Clinical Definition and Features
Hemophagocytic syndromes (HS) are characterized by impaired or absent function of natural killer (Nk) cells and cytotoxic T cells and are generally divided into two categories: genetic and acquired.
The genetic forms include familial disease and hemophagocytosis related to immune deficiencies, such as X-linked lymphoproliferative syndrome Opens in new window and Chediak-Higashi syndrome Opens in new window.
The acquired forms of hemophagocytic syndrome include infection-associated hemophagocytic syndrome, historically known as histiocytic medullary reticulosis Opens in new window or virus-associated hemophagocytic syndrome Opens in new window, which is a benign, potentially reversible but often fatal disorder that occurs primarily in immunocompromised patients.
The acquired forms also include the syndrome as described in transplant recipients and in patients with acute lymphoblastic leukemia and T-cell lymphomas. The clinical features, many of which cases are associated with EBV, include:
- high fever,
- constitutional symptoms,
- abnormal liver function test results, and
Lymph nodes from these patients have dilated sinuses filed with bland-appearing histiocytes that contain phagocytosed red blood cells.
The histiocyte cytoplasm may also contain neutrophils, lymphocytes, and platelets, all of which are typically not as prominent as are red blood cells.
The normal nodal architecture is usually intact, but the lymph node may also have evidence of vascular proliferation and a generalized depletion of lymphocytes. In some cases, the entire nodal architecture may be completely effaced.
The differential diagnoses of the hemophagocytic syndromes are usually distinguished on clinical grounds.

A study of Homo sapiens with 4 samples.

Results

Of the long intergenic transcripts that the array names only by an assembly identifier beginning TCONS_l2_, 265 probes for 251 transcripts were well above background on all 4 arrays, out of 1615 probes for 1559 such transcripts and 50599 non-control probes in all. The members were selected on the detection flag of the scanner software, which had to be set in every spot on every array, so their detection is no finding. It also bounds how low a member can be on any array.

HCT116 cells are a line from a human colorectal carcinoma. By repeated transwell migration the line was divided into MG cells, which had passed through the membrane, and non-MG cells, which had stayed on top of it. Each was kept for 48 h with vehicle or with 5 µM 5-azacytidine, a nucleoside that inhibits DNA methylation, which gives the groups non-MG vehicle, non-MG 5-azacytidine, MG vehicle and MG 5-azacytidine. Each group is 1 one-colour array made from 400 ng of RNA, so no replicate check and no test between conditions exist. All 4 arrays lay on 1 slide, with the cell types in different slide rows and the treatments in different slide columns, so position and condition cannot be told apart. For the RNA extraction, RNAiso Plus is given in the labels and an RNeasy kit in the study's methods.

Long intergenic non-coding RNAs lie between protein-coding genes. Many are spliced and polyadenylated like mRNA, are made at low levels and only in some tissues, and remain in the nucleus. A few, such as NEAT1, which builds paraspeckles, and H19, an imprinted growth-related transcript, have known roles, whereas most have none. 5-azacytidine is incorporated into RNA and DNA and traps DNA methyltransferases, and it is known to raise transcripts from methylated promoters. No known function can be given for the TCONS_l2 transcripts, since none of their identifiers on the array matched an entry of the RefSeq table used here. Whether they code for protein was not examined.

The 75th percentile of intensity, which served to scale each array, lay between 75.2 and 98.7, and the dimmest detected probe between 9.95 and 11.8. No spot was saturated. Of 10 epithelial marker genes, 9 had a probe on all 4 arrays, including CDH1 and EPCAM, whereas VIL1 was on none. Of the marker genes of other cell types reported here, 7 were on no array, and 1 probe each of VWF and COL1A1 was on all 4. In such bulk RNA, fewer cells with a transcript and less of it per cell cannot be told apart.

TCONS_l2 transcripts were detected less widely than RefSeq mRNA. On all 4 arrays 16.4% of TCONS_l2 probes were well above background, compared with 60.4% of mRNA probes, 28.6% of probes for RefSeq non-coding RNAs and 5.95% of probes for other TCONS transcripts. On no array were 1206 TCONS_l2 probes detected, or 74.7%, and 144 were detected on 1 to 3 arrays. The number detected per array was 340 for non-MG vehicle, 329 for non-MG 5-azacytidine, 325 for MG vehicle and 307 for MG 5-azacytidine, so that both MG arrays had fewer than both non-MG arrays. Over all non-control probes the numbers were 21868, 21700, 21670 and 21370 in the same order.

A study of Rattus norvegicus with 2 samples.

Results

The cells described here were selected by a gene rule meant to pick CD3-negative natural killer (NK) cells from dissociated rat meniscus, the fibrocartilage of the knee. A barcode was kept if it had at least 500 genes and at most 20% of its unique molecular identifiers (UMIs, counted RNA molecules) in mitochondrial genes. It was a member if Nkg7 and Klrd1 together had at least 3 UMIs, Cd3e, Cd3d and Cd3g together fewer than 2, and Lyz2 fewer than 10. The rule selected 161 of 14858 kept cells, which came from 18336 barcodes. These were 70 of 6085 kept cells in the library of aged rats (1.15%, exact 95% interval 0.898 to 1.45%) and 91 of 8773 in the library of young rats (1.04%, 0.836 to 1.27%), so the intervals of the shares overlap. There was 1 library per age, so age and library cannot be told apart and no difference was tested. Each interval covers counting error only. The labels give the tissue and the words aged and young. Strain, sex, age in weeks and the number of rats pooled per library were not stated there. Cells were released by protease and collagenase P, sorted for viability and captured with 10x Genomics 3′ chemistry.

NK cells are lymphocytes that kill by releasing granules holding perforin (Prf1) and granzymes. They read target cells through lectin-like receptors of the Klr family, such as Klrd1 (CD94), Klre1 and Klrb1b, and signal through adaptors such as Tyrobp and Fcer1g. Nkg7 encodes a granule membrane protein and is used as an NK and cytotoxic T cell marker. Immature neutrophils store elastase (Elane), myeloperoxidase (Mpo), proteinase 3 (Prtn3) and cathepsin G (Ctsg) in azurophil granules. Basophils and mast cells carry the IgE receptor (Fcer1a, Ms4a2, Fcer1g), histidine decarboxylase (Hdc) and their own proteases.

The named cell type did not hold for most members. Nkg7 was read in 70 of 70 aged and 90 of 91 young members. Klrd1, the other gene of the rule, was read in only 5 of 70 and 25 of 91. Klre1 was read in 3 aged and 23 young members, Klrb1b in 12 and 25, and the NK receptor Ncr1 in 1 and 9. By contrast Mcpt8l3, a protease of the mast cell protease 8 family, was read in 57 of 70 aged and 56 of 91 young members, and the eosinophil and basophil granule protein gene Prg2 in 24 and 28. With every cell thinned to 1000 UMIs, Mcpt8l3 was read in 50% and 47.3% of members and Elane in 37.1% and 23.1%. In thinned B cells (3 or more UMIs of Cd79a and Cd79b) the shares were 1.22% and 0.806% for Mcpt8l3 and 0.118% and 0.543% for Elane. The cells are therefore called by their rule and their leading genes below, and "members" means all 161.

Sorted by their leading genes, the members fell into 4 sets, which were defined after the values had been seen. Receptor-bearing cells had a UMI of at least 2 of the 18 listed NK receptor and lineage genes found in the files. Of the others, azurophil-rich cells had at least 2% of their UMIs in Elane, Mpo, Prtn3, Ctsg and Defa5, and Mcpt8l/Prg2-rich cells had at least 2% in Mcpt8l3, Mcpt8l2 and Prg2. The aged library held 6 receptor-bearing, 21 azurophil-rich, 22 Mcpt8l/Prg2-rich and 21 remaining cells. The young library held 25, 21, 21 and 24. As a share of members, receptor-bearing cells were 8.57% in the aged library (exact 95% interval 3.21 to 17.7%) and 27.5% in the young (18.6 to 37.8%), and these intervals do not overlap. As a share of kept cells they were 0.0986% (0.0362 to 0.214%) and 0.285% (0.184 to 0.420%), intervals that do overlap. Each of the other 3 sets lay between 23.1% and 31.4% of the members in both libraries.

Most patients with familial hemophagocytic lymphohistiocytosis Opens in new window are less than 1 year old and have impaired cellular and humoral immunity. These patients often have involvement of the lymph nodes and bone marrow. Spleen, liver, and central nervous system are also affected.
The differential diagnosis of hemophagocytic syndromes also includes malignant histiocytosis and malignant lymphomas associated with benign hemophagocytosis, metastatic carcinoma, and metastatic melanoma.
Most previously reported cases of malignant histiocytosis were probably examples of infection-associated hemophagocytic syndromes.
Cases of malignant histiocytosis in which the cells had malignant cytologic features were most likely examples of anaplastic large cell lymphomas, which often have a sinusoidal localization in lymph nodes.
In these lymphoms, erythrophagocytosis is not prominent, but when it is present, it is almost exclusively present in benign histiocytes and not in cytologically malignant cells.
Furthermore, the sinusoidal cells of anaplastic large cell lymphoma stain immunohistochemically for CD30, unlike the benign phagocytosing histiocytes of infection-associated hemophagocytic syndrome.
Carcinoma and malignant melanoma preferentially metastasize to the lymph node sinuses; when this feature is prominent, it may be confused with hemaphagocytic syndrome.
Cytokeratin immunohistochemical analysis highlights metastatic carcinoma cells, with the caveat that normal lymph node dendritic cells show a spider-like keratin staining pattern that is unlike the exclusively membrane, pericellular staining of carcinoma cells.
S-100 protein shows a similar dendritic pattern of staining in the normal lymph node, but it causes nuclear staining in the malignant cells of metastatic melanoma.
Far less likely, monocytoids B-cell proliferations and hairy cell leukemia in lymph nodes may mimic infection-associated hemophagocytic syndrome.
However, monocytoid B-cell lymphomas, reactive monocytoid B-cell proliferations, and hairy cell leukemia are not associated with hemophagocytosis and resemble the syndrome only in their sinusoidal and parafollicular pattern of nodal involvement.